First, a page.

Army adding neck pad to body armor
ARLINGTON, Va. — The Army is adding another piece to the body armor soldiers wear in combat zones — a small neck pad, which is supposed to protect the back of the neck from shrapnel.
The Army plans to ship 430,000 of the nape pads, starting “immediately,” to troops in Iraq and Afghanistan, according to Debi Dawson, a spokeswoman for Army Program Executive Office (PEO) Soldier in Alexandria, Va., the umbrella organization under which the pads were developed.
The 2.9-ounce pads, which Dawson said are made out of “nylon and cotton fabric and a ballistic-resilient material,” include hook-and-loop fasteners that attach to a rear strap on the helmet.
The Marine Corps plans to award a contract for 75,000 nape pads as soon as possible and then begin issuing the pads to the deployed Marines immediately thereafter, said Capt. Jeff Landis, a spokesman for Marine Corps System Command.
No further information was available Monday on when the pads would begin arriving in theater, Landis said.
The pads were first offered to the Army by Crye Precision LLC, a Brooklyn, N.Y.-based company, during an industry day sponsored by PEO Soldier in 2006, Dawson said in an e-mail.
The company touted the pads as providing additional protection from “ballistic fragmentation,” or shrapnel, that might find its way between the top of the body armor vest, and the bottom of a soldier’s Kevlar Advanced Combat Helmet, Dawson said.
Army officials decided to coordinate testing at an independent ballistics laboratory certified by the National Institute of Justice, Dawson said.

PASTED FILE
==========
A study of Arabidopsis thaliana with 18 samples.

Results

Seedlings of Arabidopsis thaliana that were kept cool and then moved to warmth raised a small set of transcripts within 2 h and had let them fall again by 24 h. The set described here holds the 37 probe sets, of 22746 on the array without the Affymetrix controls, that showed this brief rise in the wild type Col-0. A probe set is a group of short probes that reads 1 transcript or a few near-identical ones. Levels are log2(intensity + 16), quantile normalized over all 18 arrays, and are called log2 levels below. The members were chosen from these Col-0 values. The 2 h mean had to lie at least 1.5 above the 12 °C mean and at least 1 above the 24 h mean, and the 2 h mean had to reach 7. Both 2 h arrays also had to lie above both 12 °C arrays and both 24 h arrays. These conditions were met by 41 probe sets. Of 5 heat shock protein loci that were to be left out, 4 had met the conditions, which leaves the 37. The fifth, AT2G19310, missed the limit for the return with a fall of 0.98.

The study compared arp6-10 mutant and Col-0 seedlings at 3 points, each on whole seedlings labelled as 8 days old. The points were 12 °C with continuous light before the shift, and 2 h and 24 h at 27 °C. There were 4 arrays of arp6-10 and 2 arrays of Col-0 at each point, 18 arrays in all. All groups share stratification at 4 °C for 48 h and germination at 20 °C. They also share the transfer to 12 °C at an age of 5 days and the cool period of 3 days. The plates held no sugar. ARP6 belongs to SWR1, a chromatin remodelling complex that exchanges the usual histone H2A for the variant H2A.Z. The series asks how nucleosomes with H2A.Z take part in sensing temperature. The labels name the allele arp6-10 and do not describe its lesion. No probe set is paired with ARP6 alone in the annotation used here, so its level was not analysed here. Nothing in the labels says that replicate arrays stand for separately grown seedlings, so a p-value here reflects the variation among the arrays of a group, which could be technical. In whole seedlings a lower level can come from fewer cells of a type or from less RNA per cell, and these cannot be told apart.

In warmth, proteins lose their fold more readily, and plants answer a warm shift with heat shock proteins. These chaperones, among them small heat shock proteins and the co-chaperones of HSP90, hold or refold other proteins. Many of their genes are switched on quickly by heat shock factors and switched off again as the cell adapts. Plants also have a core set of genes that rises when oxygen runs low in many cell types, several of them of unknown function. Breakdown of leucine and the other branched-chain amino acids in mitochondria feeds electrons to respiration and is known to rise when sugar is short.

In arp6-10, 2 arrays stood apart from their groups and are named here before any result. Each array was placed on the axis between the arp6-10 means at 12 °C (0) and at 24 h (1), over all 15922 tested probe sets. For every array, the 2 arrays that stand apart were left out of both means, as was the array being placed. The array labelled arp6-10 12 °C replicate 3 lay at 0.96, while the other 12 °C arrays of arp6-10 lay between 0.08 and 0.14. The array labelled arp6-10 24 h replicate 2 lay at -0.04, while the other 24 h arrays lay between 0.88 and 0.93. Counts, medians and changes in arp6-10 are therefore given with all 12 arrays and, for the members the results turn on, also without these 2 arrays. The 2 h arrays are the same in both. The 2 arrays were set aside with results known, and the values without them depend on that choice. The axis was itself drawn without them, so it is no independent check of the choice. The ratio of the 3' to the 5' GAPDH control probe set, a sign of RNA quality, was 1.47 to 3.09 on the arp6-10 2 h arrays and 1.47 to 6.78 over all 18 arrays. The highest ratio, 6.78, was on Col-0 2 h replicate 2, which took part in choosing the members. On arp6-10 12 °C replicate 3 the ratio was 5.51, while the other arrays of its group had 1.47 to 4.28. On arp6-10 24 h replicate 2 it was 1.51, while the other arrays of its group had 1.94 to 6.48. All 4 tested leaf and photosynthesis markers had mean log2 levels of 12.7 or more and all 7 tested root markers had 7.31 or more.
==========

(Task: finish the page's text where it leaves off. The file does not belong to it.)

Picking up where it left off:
The pads passed the tests, and the Army decided to adopt the nape attachment as its “eighth improvement in body armor in the last three years,” Brig. Gen. Mark Brown, Commanding General at PEO Soldier’s Natick Soldier Systems Center in Natick, Mass., said in a Feb. 28 news release.
The back of the neck is home to the eight cervical vertebra — the top of the spine — and the place where the spine enters the brain.
The vertebra, in turn, surround the spinal cord, the major bundle of nerves that carry impulses between the brain and the rest of the body.
And at the back of the neck, just a few millimeters of skin and muscle tissue protect the integrity of the vertebra from harm.
When it comes to damage to the spine, in general, “the higher on the spinal column an injury occurs, the more dysfunction a person will experience,” according to the National Spinal Cord Injury Association.
In fact, cervical, or neck, injuries “usually result in quadriplegia,” or paralysis of all four limbs, according to the association.
The new nape pads “will further reduce injuries and help save even more soldiers’ lives” than the Army’s body armor does already, Brown said in the release.
Other improvements to the Army’s personal soldier protection in the recent past have included an advanced combat helmet with an improved harness to hold it on the head; better ballistic eyewear; improved ceramic small arms protection inserts, or SAPI, plates, for the body armor vests; and side arm, or deltoid protectors that snap onto the vests.